With many businesses operating under constrained financial circumstances because of the coronavirus pandemic, finding available cash to pay current operating expenses can be difficult. Although the Coronavirus Aid, Relief and Economic Security Act (Cares Act) provides assistance to cover expenses such as payroll, rent, and insurance through both the Economic Injury Disaster Loan program and the Paycheck Protection Program, many businesses are finding that these sources of funding aren't adequate to meet their current needs and they are facing a cash shortfall.
One source of cash that a business owner should not tap is funds in accounts earmarked for the payment of federal payroll taxes. Although this is not an acceptable practice, some businesses may believe that it is given the provisions in the Cares Act that delay the payment of 50 percent of a business's 2020 employer payroll tax liability until December 31, 2021, and the other 50 percent until December 31, 2022. To understand why this practice is unacceptable and what is intended by this Cares Act provision, the basic rules governing federal payroll and withholding taxes must be considered.
Employers incur several expenses and are subject to certain liabilities imposed upon them by the federal government as a result of hiring employees. The most common of these are payroll withholding taxes. Typically, an employer is obligated to withhold federal income taxes from an employee's pay and remit those amounts to the Internal Revenue Service on the employee's behalf. These amounts often represent a significant portion of an employer's total federal payroll tax remittances. In addition, an employer is required to withhold the employee's tax due under the Federal Insurance Contributions Act, used to fund both the Social Security and the Medicare programs. For 2020, an employee must pay a tax of 6.2 percent on the first $137,700 of their earnings toward the Social Security program. They must pay another tax of 1.45 percent on all of their earnings under $200,000 along with an additional 0.9 percent (2.35 percent total) on earnings over that amount toward the Medicare program. Although these income tax withholding and FICA tax amounts are collected and paid by the employer, they actually represent taxes due from the employees themselves. These amounts are not payroll taxes that are subject to deferred payment under the Cares Act.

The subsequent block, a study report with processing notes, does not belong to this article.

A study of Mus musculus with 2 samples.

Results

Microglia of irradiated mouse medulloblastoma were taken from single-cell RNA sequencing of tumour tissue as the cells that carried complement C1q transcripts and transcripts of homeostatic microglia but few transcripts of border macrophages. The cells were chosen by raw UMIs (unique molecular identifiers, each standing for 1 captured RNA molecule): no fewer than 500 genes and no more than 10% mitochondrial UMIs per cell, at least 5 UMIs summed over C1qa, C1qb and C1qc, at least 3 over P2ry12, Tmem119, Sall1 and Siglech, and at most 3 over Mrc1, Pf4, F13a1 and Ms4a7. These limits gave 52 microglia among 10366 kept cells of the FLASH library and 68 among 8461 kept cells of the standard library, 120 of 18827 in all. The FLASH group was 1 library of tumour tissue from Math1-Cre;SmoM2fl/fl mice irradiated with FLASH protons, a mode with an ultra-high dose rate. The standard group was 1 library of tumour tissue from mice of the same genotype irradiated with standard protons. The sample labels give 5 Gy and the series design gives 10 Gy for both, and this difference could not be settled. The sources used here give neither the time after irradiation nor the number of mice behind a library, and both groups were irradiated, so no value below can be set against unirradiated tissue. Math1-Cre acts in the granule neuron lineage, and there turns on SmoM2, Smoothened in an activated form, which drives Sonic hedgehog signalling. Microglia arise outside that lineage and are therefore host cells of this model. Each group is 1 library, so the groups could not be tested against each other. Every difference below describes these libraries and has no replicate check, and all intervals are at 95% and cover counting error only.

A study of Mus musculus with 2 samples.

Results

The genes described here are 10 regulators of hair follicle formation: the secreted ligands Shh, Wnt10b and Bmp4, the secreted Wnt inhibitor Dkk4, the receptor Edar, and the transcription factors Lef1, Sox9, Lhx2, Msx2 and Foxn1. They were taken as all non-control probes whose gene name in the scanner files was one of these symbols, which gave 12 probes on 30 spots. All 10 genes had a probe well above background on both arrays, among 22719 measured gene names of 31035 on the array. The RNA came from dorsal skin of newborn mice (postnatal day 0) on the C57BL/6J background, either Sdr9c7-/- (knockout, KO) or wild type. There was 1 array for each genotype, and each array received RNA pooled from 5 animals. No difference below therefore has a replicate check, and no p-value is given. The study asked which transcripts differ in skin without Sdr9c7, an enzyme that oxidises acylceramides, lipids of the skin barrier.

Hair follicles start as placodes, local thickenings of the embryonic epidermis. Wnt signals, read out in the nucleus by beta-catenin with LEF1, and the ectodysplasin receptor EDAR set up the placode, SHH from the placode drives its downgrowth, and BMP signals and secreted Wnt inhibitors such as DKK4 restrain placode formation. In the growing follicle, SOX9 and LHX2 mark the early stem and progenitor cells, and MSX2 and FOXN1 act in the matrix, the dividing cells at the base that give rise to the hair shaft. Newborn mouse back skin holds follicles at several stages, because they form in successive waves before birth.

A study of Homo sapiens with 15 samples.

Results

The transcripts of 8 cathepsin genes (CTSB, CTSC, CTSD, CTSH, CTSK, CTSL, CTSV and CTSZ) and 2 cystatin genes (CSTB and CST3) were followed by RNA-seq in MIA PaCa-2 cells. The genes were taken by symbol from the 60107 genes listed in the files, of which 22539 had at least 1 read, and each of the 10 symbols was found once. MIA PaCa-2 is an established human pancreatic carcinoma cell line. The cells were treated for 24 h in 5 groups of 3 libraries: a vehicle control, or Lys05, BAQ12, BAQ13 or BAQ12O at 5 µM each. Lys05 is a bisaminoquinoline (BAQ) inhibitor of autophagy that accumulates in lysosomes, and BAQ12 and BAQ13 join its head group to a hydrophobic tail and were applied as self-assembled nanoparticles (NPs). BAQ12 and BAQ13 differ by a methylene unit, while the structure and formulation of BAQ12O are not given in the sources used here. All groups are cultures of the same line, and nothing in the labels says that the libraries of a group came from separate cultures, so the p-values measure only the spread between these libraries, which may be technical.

So, what payroll taxes qualify for deferred payment under the Cares Act? In addition to payroll withholding, an employer is obligated to match both the 6.2 percent paid by the employee for FICA tax related to the Social Security program and the 1.45 percent paid by employee on their first $137,700 of earning related to Medicare. These payroll taxes, assessed at a combined rate of 7.65 percent and paid to the IRS, are the sole obligation of the employer and it is these payroll taxes that are the subject of the Cares Act deferral provisions. All employers, regardless of size, can avail themselves of the payroll tax deferral rules. There is no need-based eligibility and the ability to extend the payment of an employer's payroll tax liability should provide some short-term liquidity to businesses. Also, there is no interest charge for the deferral. However, the payroll tax deferral is not available to a taxpayer that obtains a PPP loan under the Cares Act if the loan is later forgiven.
Since withholding taxes are not subject to the payroll tax deferral provisions under the Cares Act, it's critical that employers pay these amounts when due. There is no relief from their timely payment. Furthermore, the IRS views these items as trust fund taxes. The Internal Revenue Code is very clear that any person who in their business capacity is required to collect and pay trust fund taxes and who fails to do so is personally liable for the amounts not paid. The IRS can, and often does, pursue individuals to collect unpaid withholding taxes from the assets they own in their own name.
Because there can be subtleties involving payroll taxes and withholding along with the various liabilities associated with them, it is strongly recommended that businesses seek professional advice before availing themselves of the payroll tax deferral provisions of the Cares Act and develop a clear understanding of what taxes are covered by the legislation.